It's early winter in Boston, the very beginning of the year, and I set out before dawn for my morning circuit of the Charles River's lower basin. The city is waking, preparing for the coming day, but the basin is still quiet.
Normally, I don't see the dawn, but I'm a little earlier than usual, and at this time of year, the sunrise is as late as it gets. As I come around the turn in the path below the Longfellow Bridge, I see a pink tinge in the clouds to my left. I realize that on this morning the view of the sunrise from the Cambridge bank will be striking. So I decide to follow my usual path, but in the opposite of my usual direction.
I cross the Longfellow Bridge, walking backwards much of the way, to face the sunrise. The sky in the East brightens steadily, and the clouds change from pink to red to a glorious orange. Walking upstream on the Cambridge side, I notice sunlight in the treetops, gradually working its way down to ground level. And then the sun falls directly on me. The beginning of the new day.
Beginnings can be filled with possibility — inspiring and exciting. And then letdown can follow, when our aspirations don't come to pass, or when we encounter obstacles that trip us up in frustratingly familiar ways.
Here are some tips for handling beginnings.
- You can't change the past
- At least one element from the past is always with us — ourselves. Life is repertoire — new efforts often involve many of the same people, who bring with them not only their experiences, but also the problems of the past. Fresh starts usually aren't really fresh.
- See things as they really are
- Beginnings can be filled
with possibility —
inspiring and exciting
- Events, like sunrises or new years, can seem more significant than they really are. When the sun rose over the Charles, the world didn't change — the city's birds kept singing and the river's waves kept waving. The flow of events is often more continuous than we recognize.
- Seek inspiration in the real
- When a transition of true significance arrives, it might not be marked by dramatic shifts in Nature, or astronomy, or the calendar. When we depend on the newness of the effort, or a new year, or a sunrise, to indicate significant transitions, we might let other important transitions pass unnoticed. Find inspiration in what's really happening, where the opportunity really lies.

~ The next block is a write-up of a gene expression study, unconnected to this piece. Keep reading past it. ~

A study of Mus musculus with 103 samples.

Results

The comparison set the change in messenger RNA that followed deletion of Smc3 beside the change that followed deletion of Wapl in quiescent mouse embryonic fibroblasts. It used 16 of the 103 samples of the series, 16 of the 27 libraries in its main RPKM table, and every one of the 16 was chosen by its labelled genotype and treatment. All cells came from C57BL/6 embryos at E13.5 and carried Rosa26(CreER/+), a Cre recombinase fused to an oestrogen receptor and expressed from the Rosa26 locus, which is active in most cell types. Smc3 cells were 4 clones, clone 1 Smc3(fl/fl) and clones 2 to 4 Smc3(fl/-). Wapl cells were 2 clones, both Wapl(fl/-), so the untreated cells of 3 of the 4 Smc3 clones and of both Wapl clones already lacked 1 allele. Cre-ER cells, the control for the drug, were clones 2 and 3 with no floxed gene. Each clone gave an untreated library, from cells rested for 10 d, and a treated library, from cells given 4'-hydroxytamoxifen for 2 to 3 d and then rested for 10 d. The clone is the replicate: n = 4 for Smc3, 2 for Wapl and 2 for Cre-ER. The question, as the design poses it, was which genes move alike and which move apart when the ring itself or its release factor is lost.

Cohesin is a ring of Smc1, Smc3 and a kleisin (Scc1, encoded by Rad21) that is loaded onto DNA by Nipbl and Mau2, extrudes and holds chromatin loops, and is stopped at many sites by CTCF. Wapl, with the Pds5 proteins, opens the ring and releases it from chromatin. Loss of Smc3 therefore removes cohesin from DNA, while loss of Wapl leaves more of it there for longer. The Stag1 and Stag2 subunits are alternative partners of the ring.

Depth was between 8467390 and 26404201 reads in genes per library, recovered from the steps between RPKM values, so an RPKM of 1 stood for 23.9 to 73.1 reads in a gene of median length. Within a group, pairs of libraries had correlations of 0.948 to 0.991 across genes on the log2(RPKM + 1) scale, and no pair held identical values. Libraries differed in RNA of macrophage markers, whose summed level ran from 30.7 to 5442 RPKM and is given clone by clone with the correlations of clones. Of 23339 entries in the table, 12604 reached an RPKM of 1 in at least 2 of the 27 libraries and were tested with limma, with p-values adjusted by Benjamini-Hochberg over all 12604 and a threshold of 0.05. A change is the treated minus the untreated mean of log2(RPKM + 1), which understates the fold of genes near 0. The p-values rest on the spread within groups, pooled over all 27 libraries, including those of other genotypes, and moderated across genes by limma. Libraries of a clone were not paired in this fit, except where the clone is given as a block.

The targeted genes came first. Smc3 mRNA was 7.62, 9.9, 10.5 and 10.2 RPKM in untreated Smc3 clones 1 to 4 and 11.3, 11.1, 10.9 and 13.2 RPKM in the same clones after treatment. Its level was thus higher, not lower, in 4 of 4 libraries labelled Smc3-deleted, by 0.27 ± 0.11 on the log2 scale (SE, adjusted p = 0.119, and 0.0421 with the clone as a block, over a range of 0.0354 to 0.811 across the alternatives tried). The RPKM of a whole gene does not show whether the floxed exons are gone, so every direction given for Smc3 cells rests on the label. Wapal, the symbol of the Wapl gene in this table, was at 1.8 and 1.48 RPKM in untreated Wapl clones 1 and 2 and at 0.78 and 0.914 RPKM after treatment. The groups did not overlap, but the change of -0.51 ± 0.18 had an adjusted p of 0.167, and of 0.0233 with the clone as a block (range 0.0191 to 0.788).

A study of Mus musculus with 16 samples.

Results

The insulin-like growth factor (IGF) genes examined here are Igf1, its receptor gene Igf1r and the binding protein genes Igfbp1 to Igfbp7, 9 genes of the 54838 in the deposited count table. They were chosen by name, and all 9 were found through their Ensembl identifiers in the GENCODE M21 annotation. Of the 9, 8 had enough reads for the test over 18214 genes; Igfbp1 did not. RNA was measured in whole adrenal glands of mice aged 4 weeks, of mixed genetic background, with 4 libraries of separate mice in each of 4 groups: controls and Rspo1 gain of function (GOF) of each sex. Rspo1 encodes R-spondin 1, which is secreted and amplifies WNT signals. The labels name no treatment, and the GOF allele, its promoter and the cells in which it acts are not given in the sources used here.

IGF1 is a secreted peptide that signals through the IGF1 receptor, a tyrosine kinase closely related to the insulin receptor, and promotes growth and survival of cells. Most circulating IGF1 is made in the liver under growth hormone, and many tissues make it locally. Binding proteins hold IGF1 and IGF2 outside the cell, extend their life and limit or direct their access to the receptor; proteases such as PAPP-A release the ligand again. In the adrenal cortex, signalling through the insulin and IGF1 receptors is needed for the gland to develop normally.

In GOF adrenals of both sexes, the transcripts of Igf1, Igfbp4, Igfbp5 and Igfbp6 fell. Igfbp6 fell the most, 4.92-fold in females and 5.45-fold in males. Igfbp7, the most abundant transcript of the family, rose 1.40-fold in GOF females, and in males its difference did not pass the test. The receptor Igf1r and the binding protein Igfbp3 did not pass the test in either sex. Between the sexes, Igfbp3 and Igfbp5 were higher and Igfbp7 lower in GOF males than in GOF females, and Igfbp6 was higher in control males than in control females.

- Focus on the truly new
- What is new is the chance to try again, this time with a memory of past experience. Maybe we've learned something. Maybe we can make different choices this time.
Helen Keller once said that when one door closes, another opens. But sometimes doors open all by themselves, often without our noticing them. Is a door opening for you? When did you last check? Top Next Issue
- Change How You Change
- In the past two years, your life has probably changed. Do you commute over the same route you did two
years ago? Same transportation? Same job? Same company? Same industry? Change is all around, and you're
probably pretty skilled at it. You can become even more skilled if you change how you change.
- Comfortable Ignorance
- When we suddenly realize that what we've believed is wrong, or that what we've been doing won't work,
our fear and discomfort can cause us to persevere in our illusions. If we can get better at accepting
reality and dealing with it, we can make faster progress toward real achievement.
- Piling Change Upon Change: Management Credibility
- When leaders want to change organizational directions, processes, or structures, some questions arise:
How much change is too much change? Here's a look at one constraint: the risk to management credibility.
- Letting Go of the Status Quo: the Debate
- Before we can change, we must want to change, or at least accept that we must change. And somewhere
in there, we must let go of some part of what is now in place — the status quo. In organizations,
the decision to let go involves debate.
- Patching Up the Cracks
- When things repeatedly "fall through the cracks," we're not doing the best we can. How can
we deal with the problem of repeatedly failing to do what we need to do? How can we patch up the cracks?
Forthcoming issues of Point Lookout
- Coming February 27: Brainstorming and Speedstorming: II
- Recent research into the effectiveness of brainstorming has raised some questions. Motivated to examine alternatives, I ran into speedstorming. Here's Part II of an exploration of the properties of speedstorming. Available here and by RSS on February 27.
- And on March 6: A Pain Scale for Meetings
- Most meetings could be shorter, less frequent, and more productive than they are. Part of the problem is that we don't realize how much we do to get in our own way. If we track the incidents of dysfunctional activity, we can use the data to spot trends and take corrective action. Available here and by RSS on March 6.
- Many people who possess real organizational power have a characteristic demeanor. It's the way they project their presence. I call this the power affect. Some people — call them power pretenders — adopt the power affect well before they attain significant organizational power. Unfortunately for their colleagues, and for their organizations, power pretenders can attain organizational power out of proportion to their merit or abilities. Understanding the power affect is therefore important for anyone who aims to attain power, or anyone who works with power pretenders. Read more about this program.